Freema Agyeman 'didn't anticipate' Dr Who racist abuse

Freema Agyeman, who played the first black companion to Dr Who, says she ‘didn’t anticipate’ the racist abuse she received when appearing on the show

  • Freema played Martha Jones in third series of BBC sci-fi series Doctor Who
  • The 42-year-old actress said ‘life changed overnight’ after appearing on show
  • Says she received racist abuse from ‘certain sectors’ of the hit show’s fanbase 

Freema Agyeman says she ‘didn’t anticipate’ the racist abuse she would receive playing the first black companion on Doctor Who. 

The 42-year-old actress, who played Martha Jones in the third series of the revived BBC science fiction series, says her life ‘changed completely overnight’ after her first appearance on the show. 

She said she ‘couldn’t rationalise’ the comments coming from ‘certain sectors’ of the hit show’s dedicated fanbase and that she was perhaps ‘naive’ to the level of racism among viewers. 

Speaking at Ofcom’s Diversity in Broadcasting event as part of National Inclusion Week, she said of the show: ‘It is a game changer’. 

Freema Agyeman says she ‘didn’t anticipate’ the racist abuse she would receive playing the first black companion on Doctor Who. Pictured, the actress alongside Dr Who actor David Tennant

‘My life changed completely overnight. You go from obscurity to people knowing who you are, in a good way.

‘And then we aired and I didn’t even mind that there was so much on the fact that I was the first black companion because I was. It never bothered me at all. It was something I was, and still am, so proud of.

‘What I didn’t anticipate – and maybe I was naive – was the racism from certain sectors of the fanbase.’ 

She said while she could handle criticism based on her performance, backlash based on her race was something she couldn’t justify.

The 42-year-old actress, who played Martha Jones in the third series of the revived BBC science fiction series, says her life ‘changed completely overnight’ after her first appearance on the show

‘There was criticism levelled towards my contribution for other reasons, which I could handle’, she said. 

‘I could rationalise those away. I’m an artist, no one’s going to like your work all the time, people are entitled to their opinions, it’s all subjective. But the racism… yeah, I couldn’t rationalise that.’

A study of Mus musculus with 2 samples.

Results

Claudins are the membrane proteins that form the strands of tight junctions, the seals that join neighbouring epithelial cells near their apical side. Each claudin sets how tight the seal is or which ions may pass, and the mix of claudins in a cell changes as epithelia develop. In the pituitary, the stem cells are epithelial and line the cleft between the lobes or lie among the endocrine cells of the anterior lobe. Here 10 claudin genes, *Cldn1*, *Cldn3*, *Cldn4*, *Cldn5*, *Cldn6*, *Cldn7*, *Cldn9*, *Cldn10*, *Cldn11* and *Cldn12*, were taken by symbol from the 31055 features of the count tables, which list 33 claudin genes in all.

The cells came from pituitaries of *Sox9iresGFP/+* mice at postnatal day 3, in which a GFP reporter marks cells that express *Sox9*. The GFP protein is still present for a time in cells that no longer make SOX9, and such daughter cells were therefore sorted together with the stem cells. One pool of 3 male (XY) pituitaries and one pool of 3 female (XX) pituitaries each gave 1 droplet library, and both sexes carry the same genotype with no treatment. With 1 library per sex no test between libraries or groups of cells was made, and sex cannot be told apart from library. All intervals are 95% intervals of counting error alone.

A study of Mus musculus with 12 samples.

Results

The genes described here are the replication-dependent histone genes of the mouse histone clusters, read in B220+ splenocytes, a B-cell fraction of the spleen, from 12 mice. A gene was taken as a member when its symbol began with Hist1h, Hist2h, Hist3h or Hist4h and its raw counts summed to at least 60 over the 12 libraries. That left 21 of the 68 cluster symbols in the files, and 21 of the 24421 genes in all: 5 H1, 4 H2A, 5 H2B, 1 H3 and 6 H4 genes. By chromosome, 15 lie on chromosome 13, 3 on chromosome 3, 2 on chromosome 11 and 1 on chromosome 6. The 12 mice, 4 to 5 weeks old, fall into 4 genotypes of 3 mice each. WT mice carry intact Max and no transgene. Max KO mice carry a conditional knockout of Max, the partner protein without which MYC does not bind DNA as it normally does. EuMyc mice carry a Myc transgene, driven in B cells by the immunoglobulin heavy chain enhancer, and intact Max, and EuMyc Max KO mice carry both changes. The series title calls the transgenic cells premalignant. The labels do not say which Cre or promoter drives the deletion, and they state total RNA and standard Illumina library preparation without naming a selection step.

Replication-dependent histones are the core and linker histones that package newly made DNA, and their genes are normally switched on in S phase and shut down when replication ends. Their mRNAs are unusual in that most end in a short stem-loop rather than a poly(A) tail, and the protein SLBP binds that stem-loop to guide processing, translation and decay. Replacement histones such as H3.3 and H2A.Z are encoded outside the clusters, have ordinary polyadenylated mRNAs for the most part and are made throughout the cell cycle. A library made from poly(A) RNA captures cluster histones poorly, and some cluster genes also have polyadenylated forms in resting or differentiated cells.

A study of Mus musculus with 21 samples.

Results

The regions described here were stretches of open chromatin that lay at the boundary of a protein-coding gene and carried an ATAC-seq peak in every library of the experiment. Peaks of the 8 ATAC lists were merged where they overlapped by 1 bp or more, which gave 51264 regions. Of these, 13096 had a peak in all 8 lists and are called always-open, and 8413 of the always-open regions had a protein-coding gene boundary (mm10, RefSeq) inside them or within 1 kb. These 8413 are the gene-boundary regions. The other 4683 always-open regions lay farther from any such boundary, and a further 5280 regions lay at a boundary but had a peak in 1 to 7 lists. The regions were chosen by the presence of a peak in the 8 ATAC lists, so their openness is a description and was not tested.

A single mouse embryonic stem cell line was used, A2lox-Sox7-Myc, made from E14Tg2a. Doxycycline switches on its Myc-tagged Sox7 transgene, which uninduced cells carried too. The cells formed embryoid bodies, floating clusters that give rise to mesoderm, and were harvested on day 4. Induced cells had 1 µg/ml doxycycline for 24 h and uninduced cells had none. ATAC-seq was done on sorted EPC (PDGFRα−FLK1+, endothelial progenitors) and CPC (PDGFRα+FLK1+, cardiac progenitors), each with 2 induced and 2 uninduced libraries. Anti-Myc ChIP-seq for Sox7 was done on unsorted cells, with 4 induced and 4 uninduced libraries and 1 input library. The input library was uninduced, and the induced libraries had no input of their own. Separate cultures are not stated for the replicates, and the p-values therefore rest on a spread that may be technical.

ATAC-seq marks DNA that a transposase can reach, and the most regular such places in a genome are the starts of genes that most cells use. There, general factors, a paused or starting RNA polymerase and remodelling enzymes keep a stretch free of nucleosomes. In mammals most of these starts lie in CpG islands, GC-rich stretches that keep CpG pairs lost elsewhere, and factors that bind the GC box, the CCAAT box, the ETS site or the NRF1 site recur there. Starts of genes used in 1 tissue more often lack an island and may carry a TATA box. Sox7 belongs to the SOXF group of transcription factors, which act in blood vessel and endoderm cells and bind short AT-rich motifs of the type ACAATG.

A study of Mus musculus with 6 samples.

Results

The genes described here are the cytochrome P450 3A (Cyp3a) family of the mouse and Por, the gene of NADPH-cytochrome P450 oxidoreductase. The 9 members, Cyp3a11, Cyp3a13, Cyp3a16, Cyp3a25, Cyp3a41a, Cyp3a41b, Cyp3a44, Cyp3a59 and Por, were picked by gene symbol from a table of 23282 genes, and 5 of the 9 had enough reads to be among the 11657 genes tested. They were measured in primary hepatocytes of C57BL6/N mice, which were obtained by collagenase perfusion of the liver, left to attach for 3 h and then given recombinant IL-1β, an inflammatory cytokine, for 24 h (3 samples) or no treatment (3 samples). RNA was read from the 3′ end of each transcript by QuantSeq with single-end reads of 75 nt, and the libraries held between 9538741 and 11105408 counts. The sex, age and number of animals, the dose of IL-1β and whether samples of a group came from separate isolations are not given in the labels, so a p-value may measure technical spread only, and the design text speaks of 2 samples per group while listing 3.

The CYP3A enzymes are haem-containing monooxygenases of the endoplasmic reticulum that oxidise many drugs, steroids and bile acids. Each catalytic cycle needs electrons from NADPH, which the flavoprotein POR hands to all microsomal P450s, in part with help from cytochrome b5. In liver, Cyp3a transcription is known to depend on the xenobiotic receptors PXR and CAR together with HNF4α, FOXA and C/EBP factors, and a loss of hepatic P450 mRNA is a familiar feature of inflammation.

The show came under fire in 2013 after claims published in book, Doctor Who And Race, said the BBC programme is based in attitudes ‘that continue to subjugate people of colour’. 

Several of the 23 contributors to the book lament the failure to cast a black or Asian actor as the Doctor. And in earlier series, white actors were cast as other ethnicities.  

There is also an attack on the ‘second-class’ treatment of black characters such as Martha Jones in episodes aired during the revived series

The show came under fire in 2013 after claims published in book, Doctor Who And Race, said the BBC programme is based in attitudes ‘that continue to subjugate people of colour’

A feminist contributor with the pen name Fire Fly, said the Doctor’s relationship with Martha, who was played by Agyeman, is proof of the ‘white  perspective’ of the series.

She singles out a 2007 episode set in Elizabethan London when Martha voices her fears that she might be sold into slavery, only to be told by David Tennant’s Doctor that she should ‘walk about like you own the place. It works for me’. 

But fans at the time dismissed her criticisms. Sebastian J Brook, editor of Doctor Who Online, said the show ‘embraced rather than divided’.

And the BBC said: ‘Doctor Who has a strong track record of diverse casting among both regular and guest cast. Freema Agyeman became the first black companion and Noel Clarke starred in a major role for five years [Mickey Smith].

‘Reflecting the diversity of the UK is a duty of the BBC, and casting on Doctor Who is colour-blind. It is always about the best actors for the roles.’